Hybrid oilseed rape varieties with pod shatter resistance could save growers more than £25/t in production costs – which could mean the difference between profit and loss for some.
The leading oilseed rape breeder Monsanto says that the use of hybrids can lead to savings on nitrogen fertiliser and fungicides, while also reducing harvest losses.
With the profitability of oilseed rape currently on an economic knife-edge as rapeseed prices hover around £255/t ex-farm for harvest, these production savings take on a heightened priority.
“These cost savings are nice to have with rapeseed at £350/t, but are vital to the viability of the crop at £250/t,” says Kuldip Mudhar, Monsanto’s north-west Europe oilseed rape project lead.
He was highlighting the benefits of the group’s hybrid varieties, such as Extrovert and Exalte, which give vigorous establishment, good disease resistance and also pod shatter resistance at a briefing earlier this week.
Good establishment gives better and more reliable root and top growth, and crops come out of the winter requiring less nitrogen for an optimum crop canopy.
He argues that the rapid development of the crop can allow growers to save 25kg/ha on their first nitrogen application in the spring, worth £21.25/ha, or more than £5/t for a 4t/ha-yielding crop.
Mr Mudhar adds that the good disease resistance of hybrids to light leaf spot and phoma could mean one less fungicide in moderate disease situations and the use of less-expensive products when disease pressures are higher.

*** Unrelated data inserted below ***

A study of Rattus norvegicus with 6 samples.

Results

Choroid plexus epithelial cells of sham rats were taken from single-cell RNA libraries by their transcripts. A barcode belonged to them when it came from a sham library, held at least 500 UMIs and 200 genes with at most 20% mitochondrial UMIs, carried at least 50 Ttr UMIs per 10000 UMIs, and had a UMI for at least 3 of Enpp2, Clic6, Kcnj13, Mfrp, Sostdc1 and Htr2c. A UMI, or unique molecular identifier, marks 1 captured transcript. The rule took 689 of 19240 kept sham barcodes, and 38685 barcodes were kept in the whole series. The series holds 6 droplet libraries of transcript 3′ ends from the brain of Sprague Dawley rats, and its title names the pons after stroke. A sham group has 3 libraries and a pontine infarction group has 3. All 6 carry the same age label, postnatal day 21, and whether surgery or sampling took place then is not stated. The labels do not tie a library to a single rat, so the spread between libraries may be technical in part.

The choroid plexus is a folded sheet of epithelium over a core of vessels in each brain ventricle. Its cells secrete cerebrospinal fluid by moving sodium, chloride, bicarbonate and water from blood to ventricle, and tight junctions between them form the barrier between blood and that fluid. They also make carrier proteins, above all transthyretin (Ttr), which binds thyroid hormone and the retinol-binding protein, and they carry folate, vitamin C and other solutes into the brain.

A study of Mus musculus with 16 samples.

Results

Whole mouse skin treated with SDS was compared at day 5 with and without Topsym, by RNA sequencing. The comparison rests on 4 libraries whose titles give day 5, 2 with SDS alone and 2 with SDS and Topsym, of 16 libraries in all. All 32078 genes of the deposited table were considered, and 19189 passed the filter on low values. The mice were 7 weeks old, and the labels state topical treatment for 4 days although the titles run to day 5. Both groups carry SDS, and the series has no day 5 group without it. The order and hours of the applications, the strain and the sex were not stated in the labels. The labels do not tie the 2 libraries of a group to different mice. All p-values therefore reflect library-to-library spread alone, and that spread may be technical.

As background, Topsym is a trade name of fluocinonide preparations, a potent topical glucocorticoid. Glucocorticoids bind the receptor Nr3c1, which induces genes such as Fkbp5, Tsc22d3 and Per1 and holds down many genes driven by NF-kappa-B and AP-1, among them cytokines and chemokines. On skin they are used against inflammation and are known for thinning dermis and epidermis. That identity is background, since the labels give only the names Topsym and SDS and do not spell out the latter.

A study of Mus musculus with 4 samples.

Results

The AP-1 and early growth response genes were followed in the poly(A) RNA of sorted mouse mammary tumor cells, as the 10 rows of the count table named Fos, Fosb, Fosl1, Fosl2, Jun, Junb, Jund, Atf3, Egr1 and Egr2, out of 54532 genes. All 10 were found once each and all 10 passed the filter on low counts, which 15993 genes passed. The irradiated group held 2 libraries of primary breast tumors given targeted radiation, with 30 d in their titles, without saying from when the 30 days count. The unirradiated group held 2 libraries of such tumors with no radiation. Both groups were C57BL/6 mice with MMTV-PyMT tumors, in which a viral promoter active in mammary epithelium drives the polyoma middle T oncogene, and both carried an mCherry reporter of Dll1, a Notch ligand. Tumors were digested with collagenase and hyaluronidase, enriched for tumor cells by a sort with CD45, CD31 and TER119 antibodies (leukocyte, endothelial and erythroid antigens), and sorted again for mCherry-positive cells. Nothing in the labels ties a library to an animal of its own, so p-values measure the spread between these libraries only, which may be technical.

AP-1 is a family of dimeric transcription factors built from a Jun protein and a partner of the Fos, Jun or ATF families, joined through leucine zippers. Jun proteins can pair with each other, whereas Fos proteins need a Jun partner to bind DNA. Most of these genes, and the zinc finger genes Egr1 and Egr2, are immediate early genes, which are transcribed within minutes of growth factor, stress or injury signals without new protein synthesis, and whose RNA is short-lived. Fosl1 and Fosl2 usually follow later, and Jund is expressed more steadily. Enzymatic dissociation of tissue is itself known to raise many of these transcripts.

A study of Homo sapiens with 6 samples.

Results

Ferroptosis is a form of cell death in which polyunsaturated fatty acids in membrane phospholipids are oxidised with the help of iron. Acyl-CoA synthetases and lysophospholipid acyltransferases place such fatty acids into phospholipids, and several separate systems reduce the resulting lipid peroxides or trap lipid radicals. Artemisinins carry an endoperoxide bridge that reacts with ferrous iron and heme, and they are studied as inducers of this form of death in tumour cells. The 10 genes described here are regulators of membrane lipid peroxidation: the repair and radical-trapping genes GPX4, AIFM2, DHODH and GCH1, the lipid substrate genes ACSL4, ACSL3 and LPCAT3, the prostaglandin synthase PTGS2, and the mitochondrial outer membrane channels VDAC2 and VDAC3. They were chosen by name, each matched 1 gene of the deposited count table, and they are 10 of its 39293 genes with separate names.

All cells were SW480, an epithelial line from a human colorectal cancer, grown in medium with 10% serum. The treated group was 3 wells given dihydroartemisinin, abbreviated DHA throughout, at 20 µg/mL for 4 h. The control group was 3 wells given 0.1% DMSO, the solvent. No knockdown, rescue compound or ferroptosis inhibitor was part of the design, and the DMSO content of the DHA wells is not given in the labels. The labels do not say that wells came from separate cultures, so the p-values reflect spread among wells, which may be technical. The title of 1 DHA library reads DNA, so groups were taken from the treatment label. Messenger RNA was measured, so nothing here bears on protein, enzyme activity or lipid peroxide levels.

The missing out of an azole fungicide spray, such as prothioconazole, or replacing this with a cheaper azole, such as tebuconazole, could save an average of £24/ha, or £6t/ha for a 4t/ha-yielding crop.
The use of pod shatter resistance varieties can offer yield advantages when the oilseed rape harvest is delayed, according to trial data from crop consultants Niab Tag.
When harvesting is not delayed there is little advantage for varieties with pod shatter resistance, but if harvest is delayed by six or seven days then there is a 6% yield gain from having this resistance.
The trial showed a 0.24t/ha yield advantage for the pod shatter resistant varieties, worth £64/ha when rapeseed is priced at £265/t, including an oil bonus for seed of a 42% oil content.
This translates to a saving of £16/t for a 4t/ha-yielding crop, and this advantage is increased if harvest is delayed beyond six or seven days.
Growers are being urged to look at any measures to boost oilseed rape profitability as the industry benchmark database, the John Nix Farm Management Pocketbook 2015, puts the crop’s total costs – variable and fixed – at £1,000/ha.
Monsanto’s Deryn Gilbey argues this puts a questionmark over oilseed rape’s viability for some growers as yields of more than 3.5t/ha are needed just to cover costs.
The group has about a 40% share of the oilseed rape seed market with its varieties.
“There is a need for oilseed rape to become more economically resilient, so we need to boost its profitability,” says Mr Gilbey, who is the group’s north-west Europe seeds and traits marketing lead.
He suggests possible ways to boost oilseed rape’s profitability:
- Increasing yield – At production costs of £1,000/ha, every extra 0.25t/ha in yield cuts total crop costs by £11-£24/t.
- Increasing oil content – Every extra 1% oil above 40% increases income by nearly £4/t.
- Growing added-value oilseed rape – Food quality high-oleic, low-linolenic (Holl) varieties can increase income by £20-£25/t with no yield disadvantage.